Why Out-Source Computer Forensics?
In a recent article entitled "Why Insource Forensics? - Making the Business Case for Internal Forensics/eDiscovery Team," the writer makes the case for building an internal forensics team rather than outsourcing the services. While the article and the accompanying interview raise relevant points, the writer fails to address several issues that need to be considered when making this decision. Let me preface this by saying that there are instances when it is appropriate for an organization to bring forensic experts in-house. However, unless your company is the victim of constant intrusions, handles classified material or is continually embroiled in legal fights, bringing digital forensics and eDiscovery in-house is probably not for you.
The author suggests that bringing these proficiencies in-house will save your company money; however, this depends entirely on balancing your own needs and demands with the costs associated with building this type of practice. Consider the cost of setting up an office or lab for handling forensic and eDiscovery requests. The labor cost alone for one professional analyst with the credentials and experience needed to lead a department will be an annual six-figure expenditure. Then there's the training cost and the expense related to maintaining the proper licensing and certifications. Finally, consider the up-front costs to purchase the necessary forensic tools, maintain the tools and keep current on any upgrades. Even if you hired only one person to handle the work (and if the volume is on a level so as to require bringing forensics in-house then you will likely need more than one analyst), you should expect an annual budget expenditure well over $150,000.00.
The second issue to consider is impartiality. I recently heard of a company suspending one of their up-and-comers for having inappropriate material on his work computer. When he asked the company to identify the material in question, the only response was that the company's internal forensics people were looking into it. At the time, conducting an ad-hoc internal investigation may have seemed like a good idea, but in retrospect, the impartiality of the fact-finder has now become a primary issue for opposing counsel. Corporate bias becomes the primary argument not only for the evidentiary argument but also for the entire case. How could the investigation be impartial when the investigators are on the company payroll?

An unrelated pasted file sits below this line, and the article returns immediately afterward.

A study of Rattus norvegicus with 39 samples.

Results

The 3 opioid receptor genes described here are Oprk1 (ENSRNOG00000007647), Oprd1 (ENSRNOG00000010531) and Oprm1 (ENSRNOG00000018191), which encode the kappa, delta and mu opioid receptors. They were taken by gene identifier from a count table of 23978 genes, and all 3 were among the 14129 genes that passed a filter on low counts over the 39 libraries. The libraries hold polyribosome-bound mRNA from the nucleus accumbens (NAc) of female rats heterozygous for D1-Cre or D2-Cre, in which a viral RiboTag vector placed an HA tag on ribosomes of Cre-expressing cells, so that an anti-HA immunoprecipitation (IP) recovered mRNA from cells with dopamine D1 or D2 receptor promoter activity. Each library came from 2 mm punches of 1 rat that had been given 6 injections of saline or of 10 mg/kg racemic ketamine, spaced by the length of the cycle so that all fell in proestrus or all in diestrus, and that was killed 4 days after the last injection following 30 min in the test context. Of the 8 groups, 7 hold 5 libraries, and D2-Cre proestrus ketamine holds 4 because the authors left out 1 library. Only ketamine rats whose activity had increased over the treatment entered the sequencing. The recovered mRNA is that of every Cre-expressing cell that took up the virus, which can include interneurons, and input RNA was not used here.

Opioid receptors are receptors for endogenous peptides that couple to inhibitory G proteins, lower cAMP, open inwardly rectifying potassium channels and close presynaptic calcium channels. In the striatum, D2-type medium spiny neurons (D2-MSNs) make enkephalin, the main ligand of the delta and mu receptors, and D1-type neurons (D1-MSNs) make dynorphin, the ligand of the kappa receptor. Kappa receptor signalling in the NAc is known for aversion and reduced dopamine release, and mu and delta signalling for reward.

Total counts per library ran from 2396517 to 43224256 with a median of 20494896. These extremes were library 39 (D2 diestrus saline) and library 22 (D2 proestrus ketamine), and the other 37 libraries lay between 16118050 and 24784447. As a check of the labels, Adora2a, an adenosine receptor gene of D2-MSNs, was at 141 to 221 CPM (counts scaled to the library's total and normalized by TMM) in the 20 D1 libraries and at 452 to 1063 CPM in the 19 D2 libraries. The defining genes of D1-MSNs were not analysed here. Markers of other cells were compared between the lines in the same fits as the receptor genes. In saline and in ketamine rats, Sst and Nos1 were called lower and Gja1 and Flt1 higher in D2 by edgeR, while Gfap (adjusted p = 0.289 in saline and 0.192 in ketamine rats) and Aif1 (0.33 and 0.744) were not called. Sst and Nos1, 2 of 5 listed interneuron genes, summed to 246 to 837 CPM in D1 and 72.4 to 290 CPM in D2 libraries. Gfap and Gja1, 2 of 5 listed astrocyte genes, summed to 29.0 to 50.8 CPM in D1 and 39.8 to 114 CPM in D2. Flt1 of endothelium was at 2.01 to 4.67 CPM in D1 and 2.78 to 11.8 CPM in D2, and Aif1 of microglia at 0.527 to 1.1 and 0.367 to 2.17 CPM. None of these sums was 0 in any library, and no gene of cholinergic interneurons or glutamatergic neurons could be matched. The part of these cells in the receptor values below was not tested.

The third issue to consider is that most in-house forensic employees come from a computer security or investigative background. While this has some advantages, computer security/forensics and eDiscovery require different skill sets. Deep experience in network security/forensics has very little in common with the work required to navigate the civil discovery process. In-house talent will require broad-based knowledge of security/forensics issues as well as deep experience in the litigation process. That kind of talent is not cheap or easy to find. It will require a deep and educated bench. There are, of course, advantages to having your own IT people involved in an investigation. No one will know your infrastructure like your own IT department, but that does not mean that they should be doing the work themselves. Every action performed on a computer changes and, potentially overwrites, data. “Just a quick look" can jeopardize your company’s case. Keeping it in-house has a proper time and place. But when the preservation and defensibility of the evidence is key, or if the size of the matter will overwhelm existing IT manpower, companies should bring in outside experts that are involved in these kinds of cases on a daily basis. They will have all of the requisite knowledge as well as the tools to finish the project in a professional manner while performing tasks that are second nature to them.
Lee Whitfield is Director of Forensics for Digital Discovery www.digitaldiscoveryesi.com and serves as a computer forensics expert to corporate and law firm clients. He can be reached at email@example.com.